Police want to interview the stripper at the centre of the Chiefs end-of-year party scandal after fresh allegations emerged today.
A spokeswoman confirmed given what had been reported today they would again see if there was any information she wished to give police.
The woman involved, known as Scarlette, told Radio New Zealand of "a pack mentality'' among the players.
Radio NZ interviewed Scarlette last month, but did not air the full interview. The station has today released more of it, in which she made further allegations.
Scarlette alleged one player touched her vagina "multiple times with me telling him not to and eventually having to fight him off". She continued, "that didn't deter him though - he kept going.
"Then during all of that they just crowded in on me, real pack mentality kind of a thing."
She alleged the players tried to pull their penises out, "which I don't do".
"They were throwing gravel at me during the time as well. I'd normally stop just from that but I felt that I couldn't stop because I've been in situations before where I've been held in rooms and a knife held to me and I just didn't want this one to go that way.
"If you show your vulnerability they do attack it."
Police today said they had twice approached the woman after she raised concerns about the behaviour of players at the end-of-year rugby function.
At the time the woman was offered further information and support by police. However, based on those discussions, which included consideration of her wishes and the information available to them, police were not able to take the matter further.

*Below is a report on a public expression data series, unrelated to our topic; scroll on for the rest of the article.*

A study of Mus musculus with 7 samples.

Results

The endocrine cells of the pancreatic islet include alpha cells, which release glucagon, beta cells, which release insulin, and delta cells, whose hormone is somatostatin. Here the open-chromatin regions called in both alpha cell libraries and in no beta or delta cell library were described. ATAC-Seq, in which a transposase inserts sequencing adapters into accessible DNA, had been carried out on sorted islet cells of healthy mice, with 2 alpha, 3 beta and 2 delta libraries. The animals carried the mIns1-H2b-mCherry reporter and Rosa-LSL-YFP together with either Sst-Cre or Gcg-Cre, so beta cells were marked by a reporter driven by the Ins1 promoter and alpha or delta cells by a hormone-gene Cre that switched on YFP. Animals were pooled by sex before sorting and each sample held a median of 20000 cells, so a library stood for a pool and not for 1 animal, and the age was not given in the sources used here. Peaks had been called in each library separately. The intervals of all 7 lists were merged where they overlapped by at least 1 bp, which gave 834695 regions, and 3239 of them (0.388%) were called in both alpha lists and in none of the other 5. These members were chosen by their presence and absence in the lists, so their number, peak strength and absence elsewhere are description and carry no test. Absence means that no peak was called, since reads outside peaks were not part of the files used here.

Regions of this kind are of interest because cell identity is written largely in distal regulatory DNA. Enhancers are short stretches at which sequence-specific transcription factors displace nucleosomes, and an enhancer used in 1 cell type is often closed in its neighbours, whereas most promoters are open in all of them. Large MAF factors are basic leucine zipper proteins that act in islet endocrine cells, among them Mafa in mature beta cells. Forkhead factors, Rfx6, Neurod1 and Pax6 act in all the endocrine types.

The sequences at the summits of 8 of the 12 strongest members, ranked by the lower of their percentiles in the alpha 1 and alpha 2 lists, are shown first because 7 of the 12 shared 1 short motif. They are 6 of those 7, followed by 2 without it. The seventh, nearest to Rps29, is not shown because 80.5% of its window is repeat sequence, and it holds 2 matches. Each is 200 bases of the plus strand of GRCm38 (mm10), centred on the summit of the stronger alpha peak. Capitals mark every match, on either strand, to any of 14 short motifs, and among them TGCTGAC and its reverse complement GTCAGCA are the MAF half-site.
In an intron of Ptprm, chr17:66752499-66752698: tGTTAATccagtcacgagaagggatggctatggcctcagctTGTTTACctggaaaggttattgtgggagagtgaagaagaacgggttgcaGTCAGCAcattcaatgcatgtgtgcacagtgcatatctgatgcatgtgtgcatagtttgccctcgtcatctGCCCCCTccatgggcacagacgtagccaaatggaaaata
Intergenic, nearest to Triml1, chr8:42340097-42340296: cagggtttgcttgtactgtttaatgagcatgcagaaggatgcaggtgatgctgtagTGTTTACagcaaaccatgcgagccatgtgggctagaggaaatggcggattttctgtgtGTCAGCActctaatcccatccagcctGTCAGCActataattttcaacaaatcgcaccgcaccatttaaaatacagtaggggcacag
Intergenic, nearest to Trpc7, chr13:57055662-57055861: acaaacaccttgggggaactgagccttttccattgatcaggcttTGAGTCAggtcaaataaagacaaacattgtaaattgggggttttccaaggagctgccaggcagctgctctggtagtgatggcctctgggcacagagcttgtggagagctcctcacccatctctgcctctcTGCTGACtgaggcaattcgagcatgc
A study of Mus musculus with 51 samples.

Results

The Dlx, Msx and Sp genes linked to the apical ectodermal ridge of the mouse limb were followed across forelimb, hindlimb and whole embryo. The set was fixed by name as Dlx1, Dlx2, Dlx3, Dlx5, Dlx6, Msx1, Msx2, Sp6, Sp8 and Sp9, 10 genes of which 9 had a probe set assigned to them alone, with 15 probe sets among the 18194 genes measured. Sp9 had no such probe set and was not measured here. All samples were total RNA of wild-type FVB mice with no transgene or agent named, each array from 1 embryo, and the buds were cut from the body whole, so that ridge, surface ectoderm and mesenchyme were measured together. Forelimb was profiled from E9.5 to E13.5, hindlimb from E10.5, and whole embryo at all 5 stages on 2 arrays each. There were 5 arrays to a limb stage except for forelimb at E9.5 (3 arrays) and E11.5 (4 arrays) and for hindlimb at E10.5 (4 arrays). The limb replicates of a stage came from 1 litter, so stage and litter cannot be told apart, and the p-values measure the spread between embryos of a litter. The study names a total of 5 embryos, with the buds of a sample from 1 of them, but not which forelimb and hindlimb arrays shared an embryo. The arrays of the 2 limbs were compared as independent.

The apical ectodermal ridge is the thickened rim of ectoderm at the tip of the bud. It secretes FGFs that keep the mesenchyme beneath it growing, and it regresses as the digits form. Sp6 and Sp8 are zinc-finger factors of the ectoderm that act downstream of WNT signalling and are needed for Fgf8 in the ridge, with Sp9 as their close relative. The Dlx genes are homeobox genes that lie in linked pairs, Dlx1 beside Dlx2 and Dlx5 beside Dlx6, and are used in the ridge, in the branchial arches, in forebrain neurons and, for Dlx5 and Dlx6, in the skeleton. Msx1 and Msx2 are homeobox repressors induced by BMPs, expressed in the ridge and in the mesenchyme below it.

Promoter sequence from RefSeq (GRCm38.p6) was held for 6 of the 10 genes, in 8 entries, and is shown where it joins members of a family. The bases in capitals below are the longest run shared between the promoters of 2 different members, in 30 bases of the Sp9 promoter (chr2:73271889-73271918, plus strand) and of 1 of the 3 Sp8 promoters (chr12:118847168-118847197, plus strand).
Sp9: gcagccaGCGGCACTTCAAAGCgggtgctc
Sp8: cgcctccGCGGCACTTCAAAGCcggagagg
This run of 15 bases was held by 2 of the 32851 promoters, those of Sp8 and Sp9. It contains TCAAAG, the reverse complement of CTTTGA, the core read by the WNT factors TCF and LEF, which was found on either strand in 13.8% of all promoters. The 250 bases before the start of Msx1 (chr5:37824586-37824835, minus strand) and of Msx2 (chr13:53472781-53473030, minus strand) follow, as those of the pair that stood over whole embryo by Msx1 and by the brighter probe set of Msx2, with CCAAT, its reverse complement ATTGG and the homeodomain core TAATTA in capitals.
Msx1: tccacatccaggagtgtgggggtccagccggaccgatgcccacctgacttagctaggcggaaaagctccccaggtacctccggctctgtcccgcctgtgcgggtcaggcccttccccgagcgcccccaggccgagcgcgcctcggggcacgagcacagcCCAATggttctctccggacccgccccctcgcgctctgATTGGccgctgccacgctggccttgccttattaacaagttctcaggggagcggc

"Given what has been reported in the media today we will again see if there is any further information she wishes to provide for police to assess," said the spokeswoman.
The allegations made by Scarlette have rocked the nation and New Zealand Rugby chief executive Steve Tew last night admitted the scandal had not been appropriately dealt with.
His comment followed the release of a letter signed by a group of prominent New Zealand women that urged the game's administrators to tidy up their act.
The open letter to New Zealand Rugby was signed by 25 women, including Equal Employment Opportunities Commissioner Dr Jackie Blue and Race Relations Commissioner Dame Susan Devoy.
Tew last night acknowledged "recent events show we have not got it right".
NZR investigated claims that members of the Chiefs rugby team inappropriately touched, licked and threw alcohol and gravel at at Scarlette during "Mad Monday" celebrations after their season ended.
The players have been given a formal warning, which will sit as a "black mark" on their records.
The inquiry concluded that although the performance was legal and consensual, it was wrong for professional rugby teams to engage in such events and said players had to take collective responsibility.